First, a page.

I couldn't really understand it.
You see growing up I was never much of a reader. At least not in the traditional sense. Rather than read novels or short stories (I think I was in year six or seven before I read a novel, and then didn't read another one until senior high school--and not one from the prescribed reading list).
What I loved to read were quotations and axioms. Looking back, I think what I was seeking were other ways of seeing the world: reassurance, insights and understanding that I couldn't find in the people around me. If, as the saying goes, we 'write to be understood', than I guess I read to find the comfort of knowing there were people out there whose experiences, insights and wisdom I understood and could relate to. Or at least wanted to. And it filled a need in me nothing else could (or can, I still collect and carry around quotations).
The other thing I got (and get) from quotations and axioms (and now novels and short stories) is the reassurance that there is more to life than what exists on the physical plane. There is more than earning money, buying things, and living what too often seems a very shallow existence.
I've noticed that many people in their social interactions are primarily concerned with some one's (formal) education, occupation, and earning potential, and collectively this is the agreed social barometer for an individual's worth, well being and happiness. Many assumptions are made based on a person's employment, perceived bank balance, and the quantity and quality of their assets.
Ultimately these things carry all the substance of a fart in the wind.
I read once (I'm paraphrasing because I can't find the original quote--sorry): 'if there is any joy/contentedness to be had in this existence it will come through being and not having.' And, based on my experience, that statement holds true. That's not to say you don't need a certain amount of money and possessions to survive in this world. But not as much or many as society, corporations and the mass media would have us believe.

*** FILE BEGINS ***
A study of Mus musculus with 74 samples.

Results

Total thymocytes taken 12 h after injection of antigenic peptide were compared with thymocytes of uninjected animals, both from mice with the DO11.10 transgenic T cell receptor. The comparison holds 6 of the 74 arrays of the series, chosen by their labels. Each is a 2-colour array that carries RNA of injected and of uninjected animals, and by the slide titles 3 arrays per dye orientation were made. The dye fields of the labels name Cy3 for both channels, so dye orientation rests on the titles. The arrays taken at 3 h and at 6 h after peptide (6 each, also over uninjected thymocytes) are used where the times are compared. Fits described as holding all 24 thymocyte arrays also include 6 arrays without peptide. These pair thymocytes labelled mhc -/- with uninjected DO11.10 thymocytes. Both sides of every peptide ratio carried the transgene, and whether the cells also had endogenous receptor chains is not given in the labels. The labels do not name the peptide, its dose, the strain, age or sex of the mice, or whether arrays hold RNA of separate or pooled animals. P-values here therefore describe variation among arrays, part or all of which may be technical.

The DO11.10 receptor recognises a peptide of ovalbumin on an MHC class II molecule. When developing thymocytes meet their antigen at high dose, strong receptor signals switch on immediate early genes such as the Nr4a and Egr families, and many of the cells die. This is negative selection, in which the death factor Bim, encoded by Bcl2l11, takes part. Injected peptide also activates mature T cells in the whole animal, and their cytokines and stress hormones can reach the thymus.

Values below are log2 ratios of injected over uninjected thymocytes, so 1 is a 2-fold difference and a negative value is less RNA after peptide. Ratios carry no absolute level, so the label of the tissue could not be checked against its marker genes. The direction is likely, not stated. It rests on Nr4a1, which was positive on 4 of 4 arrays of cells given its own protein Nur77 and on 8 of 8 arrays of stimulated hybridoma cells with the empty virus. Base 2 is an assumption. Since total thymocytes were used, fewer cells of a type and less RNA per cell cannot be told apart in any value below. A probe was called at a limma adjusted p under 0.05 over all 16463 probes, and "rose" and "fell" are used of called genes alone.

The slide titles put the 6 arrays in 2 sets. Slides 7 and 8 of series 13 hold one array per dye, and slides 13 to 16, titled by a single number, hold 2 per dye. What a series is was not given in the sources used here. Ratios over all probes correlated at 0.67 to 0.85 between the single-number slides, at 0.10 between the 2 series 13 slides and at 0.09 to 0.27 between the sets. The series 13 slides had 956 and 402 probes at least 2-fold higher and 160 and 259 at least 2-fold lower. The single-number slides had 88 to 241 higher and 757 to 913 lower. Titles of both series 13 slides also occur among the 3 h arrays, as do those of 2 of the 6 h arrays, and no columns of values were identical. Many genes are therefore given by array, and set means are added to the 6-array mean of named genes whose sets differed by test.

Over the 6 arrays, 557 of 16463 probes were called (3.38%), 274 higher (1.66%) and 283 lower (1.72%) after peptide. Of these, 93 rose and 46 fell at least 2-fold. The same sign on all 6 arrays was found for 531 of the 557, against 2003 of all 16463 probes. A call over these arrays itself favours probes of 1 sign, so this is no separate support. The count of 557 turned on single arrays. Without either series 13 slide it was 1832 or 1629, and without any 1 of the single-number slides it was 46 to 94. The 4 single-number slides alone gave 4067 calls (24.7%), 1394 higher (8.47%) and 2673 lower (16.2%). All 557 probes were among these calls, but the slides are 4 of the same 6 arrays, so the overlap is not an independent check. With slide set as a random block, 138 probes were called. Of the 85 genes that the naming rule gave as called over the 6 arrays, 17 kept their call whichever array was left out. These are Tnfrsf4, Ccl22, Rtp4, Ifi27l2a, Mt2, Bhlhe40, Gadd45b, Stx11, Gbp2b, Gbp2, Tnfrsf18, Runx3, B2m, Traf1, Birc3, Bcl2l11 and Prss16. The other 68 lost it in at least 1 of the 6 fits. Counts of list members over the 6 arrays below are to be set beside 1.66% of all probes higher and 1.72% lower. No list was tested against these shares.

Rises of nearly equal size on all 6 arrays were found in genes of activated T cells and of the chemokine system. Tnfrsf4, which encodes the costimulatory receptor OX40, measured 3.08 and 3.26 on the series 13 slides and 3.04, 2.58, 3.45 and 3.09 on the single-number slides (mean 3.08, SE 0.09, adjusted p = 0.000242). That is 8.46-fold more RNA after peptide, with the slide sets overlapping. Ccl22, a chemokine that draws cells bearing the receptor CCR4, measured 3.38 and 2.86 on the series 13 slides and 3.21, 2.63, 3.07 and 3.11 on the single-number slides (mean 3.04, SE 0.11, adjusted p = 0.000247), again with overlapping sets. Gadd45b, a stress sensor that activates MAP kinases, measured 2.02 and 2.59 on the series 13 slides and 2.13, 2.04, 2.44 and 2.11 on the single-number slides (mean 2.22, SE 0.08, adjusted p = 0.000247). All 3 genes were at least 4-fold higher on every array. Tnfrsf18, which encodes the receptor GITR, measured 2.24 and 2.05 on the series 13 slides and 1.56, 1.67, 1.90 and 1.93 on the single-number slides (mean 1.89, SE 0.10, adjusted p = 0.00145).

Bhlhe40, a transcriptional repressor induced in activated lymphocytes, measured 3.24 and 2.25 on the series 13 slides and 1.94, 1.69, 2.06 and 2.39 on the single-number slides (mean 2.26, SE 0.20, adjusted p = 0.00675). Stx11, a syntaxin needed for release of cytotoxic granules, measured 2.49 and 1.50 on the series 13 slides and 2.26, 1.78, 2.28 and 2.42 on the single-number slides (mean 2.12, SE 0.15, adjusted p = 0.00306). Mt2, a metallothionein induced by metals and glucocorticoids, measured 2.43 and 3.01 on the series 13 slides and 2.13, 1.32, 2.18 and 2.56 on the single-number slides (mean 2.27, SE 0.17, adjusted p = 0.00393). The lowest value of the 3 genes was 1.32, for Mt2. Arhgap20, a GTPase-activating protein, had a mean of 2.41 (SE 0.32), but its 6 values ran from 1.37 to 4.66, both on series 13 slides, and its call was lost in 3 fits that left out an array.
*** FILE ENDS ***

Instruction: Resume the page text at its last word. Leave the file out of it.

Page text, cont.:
There is (or should be) much more to life.
Like: developing and enriching your personal relationships; a sense of spending your days in a way that is meaningful; and sharing your love and positive energy with people and the planet.
Since I stopped teaching full time to concentrate on finishing my novel I’ve been surprised at the negative reactions of many people, based largely on their perceptions of what is a worthwhile and responsible way to spend time.
I've been amazed at the amount of people, some of whom I'd previously thought of as friends, who’ve openly ridiculed my decision to quit full time teaching and pursue writing. Most were only concerned with how I was going to earn the same income tutoring and doing relief as I had full time teaching (I wasn’t). (Teaching in
To my way of thinking a friend encourages you to pursue your dreams and follow your heart. They don't stomp on your sand castle before it's even half built.
But the experience has been a valuable one for a number of reasons. It is teaching me several things: most people are scared to give up the illusion of security and pursue their dreams-- to truly live; too many people live desperate lives doing all they can to avoid change and the reality that everything is temporary; and finally, to look for approval is futile--you need to dance to your own drum beat.
Ultimately, I realise, I write to seek understanding, and to try and provide for some one else what I sought and seek in books: the reassurance that I'm not alone, and the knowledge that someone else out there has had a similar experience (or thought or idea or feeling) and that is human.